The research subjects, nearly all under 40, were given doses of ginkgo biloba and then tested for mental performance. Several of the studies tested for improvements in short-term memory (memory of recent events). Several also measured reaction time to gauge overall mental sharpness. Several studies even measured brain-wave patterns-a test called an electroencephalogram, or EEG-to detect the impact of ginkgo on brain chemistry.
The key question is whether these studies prove that ginkgo biloba boosts brain function in essentially normal people who experience relatively minor memory slips or may simply want to function at their peak. "The evidence on that is extremely scanty, just a few small studies that seemed to indicate some improvement," says Varro E. Tyler, an emeritus professor of pharmacy at Purdue University. "Ginkgo may be helpful, but we need more proof than that." Tyler is the author (with Steven Foster) of a layperson's guide to herbal remedies, Tyler's Honest Herbal, which is based on published scientific studies. Tyler has reviewed the studies of ginkgo biloba and mental performance, and he is not convinced.
One reason for his skepticism is the relatively small number of people involved in the studies. Indeed, four of the six studies on "normal" brains cited by Pharmaton involved a dozen people or less. Decades of drug research has shown that positive results from small studies frequently evaporate when the drugs are tested in large and diverse populations of people.
"The literature is full of reports of a small number of patients who had a remarkable improvement taking drug X or treatment Y, and then when you do a large trial you find there's no effect," says Steven DeKosky, a researcher at the University of Pittsburgh School of Medicine who is conducting a major new study of ginkgo for Alzheimer's disease.
Basically, the studies of ginkgo and the normal brain evaluate whether the herb is a "cognitive enhancer," a substance that maintains and even improves concentration, memory, and other skills. The researchers measured certain aspects of mental function, such as reaction time and short-term recall. For example, a 1986 study listed by Pharmaton measured the effect of ginkgo on short-term memory in 8 female volunteers. Among other tests, the women took a Sternberg memory scan. The Sternberg test measures how fast a person can recall items from a memorized list. As reported in the French medical journal, Presse Medicale, the people who took ginkgo performed better on the test than those who didn't.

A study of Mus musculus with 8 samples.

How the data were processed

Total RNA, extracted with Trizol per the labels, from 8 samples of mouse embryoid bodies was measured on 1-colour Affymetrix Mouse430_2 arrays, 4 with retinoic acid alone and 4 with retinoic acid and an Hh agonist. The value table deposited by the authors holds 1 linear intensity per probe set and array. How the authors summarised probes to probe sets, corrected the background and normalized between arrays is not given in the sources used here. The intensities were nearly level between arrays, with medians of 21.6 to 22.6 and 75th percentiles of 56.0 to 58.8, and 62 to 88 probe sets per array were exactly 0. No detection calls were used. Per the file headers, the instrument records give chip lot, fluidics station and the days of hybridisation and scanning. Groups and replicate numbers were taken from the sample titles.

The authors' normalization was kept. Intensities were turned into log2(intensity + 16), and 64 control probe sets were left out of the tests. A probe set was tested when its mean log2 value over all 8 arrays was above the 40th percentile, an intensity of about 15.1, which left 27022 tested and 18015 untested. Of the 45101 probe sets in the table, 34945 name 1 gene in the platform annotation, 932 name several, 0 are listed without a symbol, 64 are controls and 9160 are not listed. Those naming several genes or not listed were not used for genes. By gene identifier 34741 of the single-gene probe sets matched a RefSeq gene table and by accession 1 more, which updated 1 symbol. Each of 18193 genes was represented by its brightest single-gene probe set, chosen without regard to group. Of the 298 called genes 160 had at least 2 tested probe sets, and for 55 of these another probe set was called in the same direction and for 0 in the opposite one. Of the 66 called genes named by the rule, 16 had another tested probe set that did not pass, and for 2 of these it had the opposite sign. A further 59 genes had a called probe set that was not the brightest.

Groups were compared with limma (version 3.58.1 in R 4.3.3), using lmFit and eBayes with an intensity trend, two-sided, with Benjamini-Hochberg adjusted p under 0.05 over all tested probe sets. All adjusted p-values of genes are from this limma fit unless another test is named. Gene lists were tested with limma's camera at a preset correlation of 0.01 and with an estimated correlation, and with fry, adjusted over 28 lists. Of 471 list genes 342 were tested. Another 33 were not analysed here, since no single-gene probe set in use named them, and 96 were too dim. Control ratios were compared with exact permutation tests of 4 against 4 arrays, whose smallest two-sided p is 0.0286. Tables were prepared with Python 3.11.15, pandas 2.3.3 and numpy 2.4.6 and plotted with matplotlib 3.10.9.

But even if the handful of studies on ginkgo and mental performance hold up, the evidence they provide doesn't necessarily back up the claims made by ginkgo manufacturers.
To a fan of ginkgo biloba, scoring higher on the Sternberg memory scan would prove that the herb improves mental performance. But keep in mind that in real life, people aren't called upon to perform the Sternberg memory scan. What we really want to remember are things like lunch dates, a grandchild's birthday, and the names of people we were introduced to at a party. Better performance on laboratory psychological tests doesn't guarantee that people will perform better on complex and demanding memory tasks in the real world.
Of course, the studies mentioned above are not the sum total of all ginkgo research. Ginkgo biloba has also been tested extensively on older people experiencing age-related impairments, as well as people with Alzheimer's disease. These studies, however, have been criticized for flaws that cast serious doubts on their results. An upcoming issue of Memory Loss & the Brain will examine the record in more detail and highlight some new studies that may help settle the issue of ginkgo and Alzheimer's disease. But even if ginkgo does help ease mental impairments due to aging or disease, that does not mean it will enhance the performance of a brain already functioning normally. "It may well do that in some way, but we can't say that it does," Varro Tyler says. "The advertisements that say that it does are exaggerations, unsupported extrapolations."
Truth in Labeling?
Tyler and DeKosky are not alone in their skepticism. Their opinions echo those of many other researchers and physicians familiar with ginkgo research. The evidence to date, they say, is just not convincing enough to warrant the claims made on the labels of ginkgo biloba supplements. That raises an obvious question: If the jury is still out on ginkgo and the brain, how can supplement manufacturers legally make the claims they do? The short answer is this: because the U.S.
Congress passed the Dietary Supplement Health and Education Act in 1994. This law allows supplement manufacturers to make general statements about the health-promoting properties of ginkgo biloba and other dietary supplements. What they cannot do is make specific "health claims" that the product treats, diagnoses, cures or prevents disease. Labels can say that ginkgo "enhances memory" but cannot say that ginkgo "decreases memory loss due to Alzheimer's disease." Without this legal re-classification of herbal remedies as dietary supplements, ginkgo would have been considered a drug or a food additive. And that means ginkgo products would have been held to the U.S. Food and Drug Administration's strict standards for safety and effectiveness.
Lacking large, well-done studies of the effect of ginkgo biloba on normal mental function, the claims made by ginkgo manufacturers are still speculation. And the harmful side-effects of taking ginkgo, if there are any, remain unknown. Right now, the controversy over ginkgo and the brain is very much like a jury trial still in progress, with lots of evidence presented but nothing convincing enough for a final verdict.